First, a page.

More than £200bn should be devolved to local governments across England over the next 10 years as councils are on a "cliff-edge" due to the government's cuts.
The Independent Commission on Local Government Finance (ICLGF) argued that the future of local services is dependent on local authorities becoming largely self-sufficient and less reliant on central government.
The group of leading economists, business, finance and public service experts also said, under the plan, Whitehall and Westminster would have a much reduced role in local services like housing, planning, social care and transport and local government funding.
"Local government and the services it provides are on a cliff-edge," said Darra Singh, chair of the ICLGF.
"Councils' success at implementing cuts over the past few years has shielded people from the stark reality that the services they use can't carry as they are for much longer.
He added: "The urgent need for reform is going to be one of the biggest and most important challenges facing the next government.
"Without it, many of the key services which have been part of everyday life for generations may not be there much longer."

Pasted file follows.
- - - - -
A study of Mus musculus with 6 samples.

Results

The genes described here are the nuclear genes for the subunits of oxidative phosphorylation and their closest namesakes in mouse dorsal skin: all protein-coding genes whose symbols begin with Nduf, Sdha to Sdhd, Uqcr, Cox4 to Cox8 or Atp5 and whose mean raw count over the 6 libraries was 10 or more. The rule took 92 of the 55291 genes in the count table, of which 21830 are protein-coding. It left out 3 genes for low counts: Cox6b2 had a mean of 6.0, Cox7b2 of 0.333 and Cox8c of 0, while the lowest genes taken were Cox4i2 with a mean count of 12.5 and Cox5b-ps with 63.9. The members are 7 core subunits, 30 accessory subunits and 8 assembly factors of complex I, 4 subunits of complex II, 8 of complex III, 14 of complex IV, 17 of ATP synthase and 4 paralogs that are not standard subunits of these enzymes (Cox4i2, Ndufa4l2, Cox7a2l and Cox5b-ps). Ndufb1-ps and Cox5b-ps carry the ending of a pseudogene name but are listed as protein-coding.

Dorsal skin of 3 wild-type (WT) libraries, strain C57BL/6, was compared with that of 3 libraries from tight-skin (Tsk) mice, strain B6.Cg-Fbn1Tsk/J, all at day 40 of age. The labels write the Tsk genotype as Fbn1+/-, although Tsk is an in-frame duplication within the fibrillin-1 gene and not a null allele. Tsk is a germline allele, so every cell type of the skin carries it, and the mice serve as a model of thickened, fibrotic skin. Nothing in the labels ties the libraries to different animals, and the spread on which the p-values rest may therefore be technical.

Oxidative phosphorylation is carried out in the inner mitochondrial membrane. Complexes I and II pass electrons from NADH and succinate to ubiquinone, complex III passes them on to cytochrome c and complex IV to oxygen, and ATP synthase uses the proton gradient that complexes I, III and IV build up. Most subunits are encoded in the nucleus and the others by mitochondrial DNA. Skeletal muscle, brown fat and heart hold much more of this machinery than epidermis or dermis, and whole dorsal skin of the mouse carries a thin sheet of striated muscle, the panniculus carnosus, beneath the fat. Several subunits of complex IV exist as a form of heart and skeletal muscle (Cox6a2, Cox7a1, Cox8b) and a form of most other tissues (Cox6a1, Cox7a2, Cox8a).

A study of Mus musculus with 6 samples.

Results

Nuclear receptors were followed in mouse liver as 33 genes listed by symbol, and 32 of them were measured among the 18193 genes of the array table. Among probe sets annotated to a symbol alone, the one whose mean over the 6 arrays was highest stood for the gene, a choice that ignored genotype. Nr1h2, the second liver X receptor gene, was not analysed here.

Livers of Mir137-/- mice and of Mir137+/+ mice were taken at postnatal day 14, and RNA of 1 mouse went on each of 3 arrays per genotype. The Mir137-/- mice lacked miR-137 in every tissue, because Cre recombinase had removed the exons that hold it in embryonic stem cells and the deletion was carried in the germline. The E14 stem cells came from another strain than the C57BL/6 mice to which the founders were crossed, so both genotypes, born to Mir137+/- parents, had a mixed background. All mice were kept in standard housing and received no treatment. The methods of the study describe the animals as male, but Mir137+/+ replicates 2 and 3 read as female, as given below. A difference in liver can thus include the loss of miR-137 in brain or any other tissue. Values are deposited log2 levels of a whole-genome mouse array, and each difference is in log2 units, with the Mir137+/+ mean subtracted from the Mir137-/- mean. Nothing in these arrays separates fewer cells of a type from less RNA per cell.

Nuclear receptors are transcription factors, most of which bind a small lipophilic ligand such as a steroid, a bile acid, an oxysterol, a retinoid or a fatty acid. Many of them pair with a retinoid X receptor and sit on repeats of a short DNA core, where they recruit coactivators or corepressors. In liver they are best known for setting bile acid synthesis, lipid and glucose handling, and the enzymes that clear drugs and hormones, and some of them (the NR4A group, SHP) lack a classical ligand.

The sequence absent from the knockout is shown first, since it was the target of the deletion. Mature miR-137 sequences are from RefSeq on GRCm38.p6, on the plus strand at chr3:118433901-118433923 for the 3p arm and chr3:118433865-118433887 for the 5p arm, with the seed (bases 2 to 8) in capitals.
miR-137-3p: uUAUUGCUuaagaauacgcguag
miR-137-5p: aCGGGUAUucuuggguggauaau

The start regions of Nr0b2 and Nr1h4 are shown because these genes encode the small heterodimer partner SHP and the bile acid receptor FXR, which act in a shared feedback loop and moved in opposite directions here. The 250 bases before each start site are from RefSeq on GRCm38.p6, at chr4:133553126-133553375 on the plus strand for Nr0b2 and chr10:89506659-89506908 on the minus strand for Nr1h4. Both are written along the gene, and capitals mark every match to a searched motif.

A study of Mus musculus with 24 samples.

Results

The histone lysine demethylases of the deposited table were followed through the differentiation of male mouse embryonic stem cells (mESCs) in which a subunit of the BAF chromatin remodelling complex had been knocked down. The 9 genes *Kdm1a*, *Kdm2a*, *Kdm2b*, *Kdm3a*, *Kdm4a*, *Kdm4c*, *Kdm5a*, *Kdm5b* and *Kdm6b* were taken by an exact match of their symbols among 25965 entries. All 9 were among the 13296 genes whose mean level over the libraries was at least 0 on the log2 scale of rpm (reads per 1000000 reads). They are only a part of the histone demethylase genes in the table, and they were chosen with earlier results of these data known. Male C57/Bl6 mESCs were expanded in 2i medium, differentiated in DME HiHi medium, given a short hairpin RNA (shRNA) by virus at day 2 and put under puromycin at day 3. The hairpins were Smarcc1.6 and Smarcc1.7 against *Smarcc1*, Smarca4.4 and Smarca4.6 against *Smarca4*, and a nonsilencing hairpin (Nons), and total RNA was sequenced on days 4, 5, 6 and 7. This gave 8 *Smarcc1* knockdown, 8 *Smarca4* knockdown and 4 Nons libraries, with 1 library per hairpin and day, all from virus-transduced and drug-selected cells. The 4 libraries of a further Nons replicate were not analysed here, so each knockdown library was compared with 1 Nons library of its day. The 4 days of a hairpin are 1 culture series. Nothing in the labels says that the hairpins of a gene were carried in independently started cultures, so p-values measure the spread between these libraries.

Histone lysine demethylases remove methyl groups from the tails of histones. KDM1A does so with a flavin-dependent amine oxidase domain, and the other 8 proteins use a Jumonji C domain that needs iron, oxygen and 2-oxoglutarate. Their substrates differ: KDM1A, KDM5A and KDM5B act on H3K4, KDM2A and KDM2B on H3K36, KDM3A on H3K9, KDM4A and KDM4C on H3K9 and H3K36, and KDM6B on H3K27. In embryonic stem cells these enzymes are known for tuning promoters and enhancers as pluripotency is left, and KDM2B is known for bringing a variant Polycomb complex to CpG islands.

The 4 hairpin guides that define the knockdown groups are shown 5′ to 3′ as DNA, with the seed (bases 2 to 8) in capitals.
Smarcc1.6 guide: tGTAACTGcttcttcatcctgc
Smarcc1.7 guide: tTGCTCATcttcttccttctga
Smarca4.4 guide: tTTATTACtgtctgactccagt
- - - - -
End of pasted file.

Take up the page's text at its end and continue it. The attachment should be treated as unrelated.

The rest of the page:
The group also urged that pioneer areas – such as well-established combined authorities – take on new freedoms now, with reforms rolled out to other areas over the next 10 years as they become ready.
Local government minister Kris Hopkins said there is "certainly scope" for decentralising funding.
"There is certainly scope for decentralising more funding to councils, by extending the successful introduction of incentives like local business rates retention and the New Homes Bonus," Hopkins said.
"Such measures allow councils to increase their revenues - not by higher taxes, but by growing the pot through supporting job creation, construction and enterprise."